Multimedia giant Walt Disney (NYSE:DIS) delivered fiscal second-quarter results after the market close Wednesday that exceeded expectations, partly on the strength of its theme parks. The stock gained about 1% in after-hours trading on the news.

Fresh off the completion of its acquisition of Fox entertainment assets, Disney reported revenue of $14.92 billion, up 3% year over year, easily topping analysts' consensus estimates of $14.39 billion. Profits were also better than expected, with adjusted EPS of $1.61, down 13% but ahead of the $1.59 anticipated by analysts. 

Disney's Pixar Pier at Night, June 2018

Disneyland's Pixar Pier at Night. Image source: Author.

Strong results in spite of tough comps

Results across Disney's recently revamped operating segments varied. Revenue from the media networks was essentially flat at $5.5 billion. The parks, experiences, and products segment increased 5% year over year to $6.2 billion, with growth at Disney's theme parks responsible for the gains. Both higher attendance and increased spending drove the results. This is even more impressive considering the quarter was hurt by the Easter holiday, which fell in the third quarter this year, compared with the second quarter last year.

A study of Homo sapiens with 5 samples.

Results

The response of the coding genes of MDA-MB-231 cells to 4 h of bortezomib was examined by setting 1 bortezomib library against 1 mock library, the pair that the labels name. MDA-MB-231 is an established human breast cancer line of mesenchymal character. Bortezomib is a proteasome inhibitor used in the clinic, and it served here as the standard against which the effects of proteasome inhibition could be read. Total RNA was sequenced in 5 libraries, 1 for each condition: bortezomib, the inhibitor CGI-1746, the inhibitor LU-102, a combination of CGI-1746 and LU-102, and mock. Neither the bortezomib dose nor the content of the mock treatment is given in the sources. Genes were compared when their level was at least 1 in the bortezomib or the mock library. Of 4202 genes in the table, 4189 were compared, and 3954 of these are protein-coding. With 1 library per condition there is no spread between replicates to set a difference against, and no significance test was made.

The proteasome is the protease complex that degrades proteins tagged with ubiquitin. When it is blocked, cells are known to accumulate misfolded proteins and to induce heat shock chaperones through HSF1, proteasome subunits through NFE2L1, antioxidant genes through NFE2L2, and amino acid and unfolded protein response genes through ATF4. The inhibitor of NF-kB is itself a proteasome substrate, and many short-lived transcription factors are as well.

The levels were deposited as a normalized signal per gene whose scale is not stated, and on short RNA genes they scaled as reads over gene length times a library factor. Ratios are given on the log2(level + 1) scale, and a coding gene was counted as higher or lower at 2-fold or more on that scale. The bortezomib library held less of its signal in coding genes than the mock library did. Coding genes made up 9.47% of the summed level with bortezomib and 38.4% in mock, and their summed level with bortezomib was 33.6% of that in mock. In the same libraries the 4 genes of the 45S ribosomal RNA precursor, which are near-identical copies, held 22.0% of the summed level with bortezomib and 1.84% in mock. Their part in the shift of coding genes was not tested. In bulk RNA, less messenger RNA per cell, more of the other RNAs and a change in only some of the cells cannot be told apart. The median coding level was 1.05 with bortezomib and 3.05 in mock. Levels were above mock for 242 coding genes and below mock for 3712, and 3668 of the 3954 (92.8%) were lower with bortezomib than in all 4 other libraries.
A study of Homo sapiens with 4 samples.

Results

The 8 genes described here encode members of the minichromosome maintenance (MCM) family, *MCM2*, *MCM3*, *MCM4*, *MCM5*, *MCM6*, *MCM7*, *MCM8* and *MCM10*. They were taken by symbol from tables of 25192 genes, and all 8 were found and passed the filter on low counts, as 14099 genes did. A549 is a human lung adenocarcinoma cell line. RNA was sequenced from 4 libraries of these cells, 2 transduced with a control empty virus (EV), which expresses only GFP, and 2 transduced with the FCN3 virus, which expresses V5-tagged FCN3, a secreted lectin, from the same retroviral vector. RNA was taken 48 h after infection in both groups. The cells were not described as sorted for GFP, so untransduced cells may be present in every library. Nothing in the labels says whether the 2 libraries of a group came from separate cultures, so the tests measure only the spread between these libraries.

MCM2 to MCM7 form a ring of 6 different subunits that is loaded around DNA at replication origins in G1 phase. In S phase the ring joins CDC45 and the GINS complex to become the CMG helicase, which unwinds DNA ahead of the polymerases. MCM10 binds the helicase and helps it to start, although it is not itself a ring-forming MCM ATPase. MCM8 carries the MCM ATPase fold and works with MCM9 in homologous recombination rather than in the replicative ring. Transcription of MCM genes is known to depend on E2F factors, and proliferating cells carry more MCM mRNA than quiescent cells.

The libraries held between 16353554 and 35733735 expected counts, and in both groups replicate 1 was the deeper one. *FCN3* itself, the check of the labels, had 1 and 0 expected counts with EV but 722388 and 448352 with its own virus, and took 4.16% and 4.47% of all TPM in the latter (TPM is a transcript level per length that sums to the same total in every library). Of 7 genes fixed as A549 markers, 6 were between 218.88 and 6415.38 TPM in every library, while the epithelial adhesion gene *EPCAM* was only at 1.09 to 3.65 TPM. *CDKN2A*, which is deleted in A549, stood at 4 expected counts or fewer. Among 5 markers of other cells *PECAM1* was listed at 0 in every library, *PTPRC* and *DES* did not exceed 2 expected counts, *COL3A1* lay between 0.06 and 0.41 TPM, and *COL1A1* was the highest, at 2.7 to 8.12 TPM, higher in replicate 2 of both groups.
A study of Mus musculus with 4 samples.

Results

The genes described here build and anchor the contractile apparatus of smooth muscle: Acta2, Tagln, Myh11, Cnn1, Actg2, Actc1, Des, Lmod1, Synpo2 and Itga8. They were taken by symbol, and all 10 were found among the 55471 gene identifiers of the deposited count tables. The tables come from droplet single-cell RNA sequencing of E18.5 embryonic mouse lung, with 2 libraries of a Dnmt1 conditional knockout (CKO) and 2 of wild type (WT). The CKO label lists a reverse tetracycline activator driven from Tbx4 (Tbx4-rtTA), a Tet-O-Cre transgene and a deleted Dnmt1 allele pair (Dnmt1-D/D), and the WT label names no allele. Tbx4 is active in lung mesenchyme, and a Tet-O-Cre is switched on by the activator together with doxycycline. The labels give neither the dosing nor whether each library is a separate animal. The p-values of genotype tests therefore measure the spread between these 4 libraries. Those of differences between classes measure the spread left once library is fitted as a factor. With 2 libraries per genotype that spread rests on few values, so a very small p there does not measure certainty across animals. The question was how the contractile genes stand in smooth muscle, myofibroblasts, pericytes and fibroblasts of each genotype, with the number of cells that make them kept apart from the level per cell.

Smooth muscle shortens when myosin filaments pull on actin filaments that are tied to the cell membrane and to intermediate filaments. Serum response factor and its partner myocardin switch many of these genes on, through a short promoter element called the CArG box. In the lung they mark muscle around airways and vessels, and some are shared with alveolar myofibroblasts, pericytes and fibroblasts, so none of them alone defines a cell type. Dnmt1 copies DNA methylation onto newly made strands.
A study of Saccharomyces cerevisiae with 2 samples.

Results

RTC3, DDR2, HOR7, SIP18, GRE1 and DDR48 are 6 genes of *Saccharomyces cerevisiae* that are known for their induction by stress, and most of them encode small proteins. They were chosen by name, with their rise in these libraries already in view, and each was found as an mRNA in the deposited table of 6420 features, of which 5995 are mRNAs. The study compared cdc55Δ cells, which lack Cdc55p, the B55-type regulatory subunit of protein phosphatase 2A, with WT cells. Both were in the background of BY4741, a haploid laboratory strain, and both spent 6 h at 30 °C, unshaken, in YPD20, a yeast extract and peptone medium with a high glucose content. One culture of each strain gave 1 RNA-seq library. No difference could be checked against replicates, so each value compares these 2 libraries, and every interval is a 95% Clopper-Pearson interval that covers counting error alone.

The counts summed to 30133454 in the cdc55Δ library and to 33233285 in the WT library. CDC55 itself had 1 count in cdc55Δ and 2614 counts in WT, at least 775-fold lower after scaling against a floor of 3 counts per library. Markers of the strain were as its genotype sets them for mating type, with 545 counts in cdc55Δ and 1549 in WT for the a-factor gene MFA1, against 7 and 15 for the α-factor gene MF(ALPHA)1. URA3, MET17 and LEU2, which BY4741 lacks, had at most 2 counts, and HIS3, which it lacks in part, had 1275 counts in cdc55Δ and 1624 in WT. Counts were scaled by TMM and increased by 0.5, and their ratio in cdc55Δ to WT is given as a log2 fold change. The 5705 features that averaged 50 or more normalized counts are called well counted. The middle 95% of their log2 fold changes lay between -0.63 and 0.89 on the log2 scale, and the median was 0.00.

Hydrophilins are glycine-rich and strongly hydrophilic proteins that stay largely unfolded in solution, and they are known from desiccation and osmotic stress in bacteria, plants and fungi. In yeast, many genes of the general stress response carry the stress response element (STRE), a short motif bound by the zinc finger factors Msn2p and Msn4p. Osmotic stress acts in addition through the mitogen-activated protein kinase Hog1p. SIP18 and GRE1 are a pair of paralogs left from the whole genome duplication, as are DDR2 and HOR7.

The studio entertainment segment appeared to show disappointing results, declining 15% versus the prior-year quarter to $2.1 billion, but that requires context. Last year, Black Panther and Star Wars: The Last Jedi continued to dominate theaters, while in the current-year quarter, Captain Marvel got no help from a comparable Star Wars title.

The recently introduced direct-to-consumer and international segment saw revenue increase 15% year over year to $955 million. Disney noted that due to acquiring a controlling interest in Hulu with the closing of the Fox acquisition, 100% of the streaming company's operating results for the final 10 days of March are folded into its financial results.

Investing heavily for the future

The direct-to-consumer segment also caused the biggest drag on the bottom line as Disney continues to invest heavily in ESPN+ (which launched this time last year) and the upcoming debut of Disney+. It also reported higher losses at Hulu.

CEO Bob Iger was eager to point out the recent success of Marvel's latest blockbuster. "We're very pleased with our Q2 results and thrilled with the record-breaking success of Avengers: Endgame, which is now the second-highest grossing film of all time and will stream exclusively on Disney+ starting Dec. 11," he said. The movie opened in theaters April 26, so the results won't be reflected in earnings until next quarter. 

Disney continues the massive integration of businesses acquired from Twenty-First Century Fox, while laying plans for the debut of Disney+ in November. There's a lot going on under the hood, but it's an exciting time to be a Disney investor.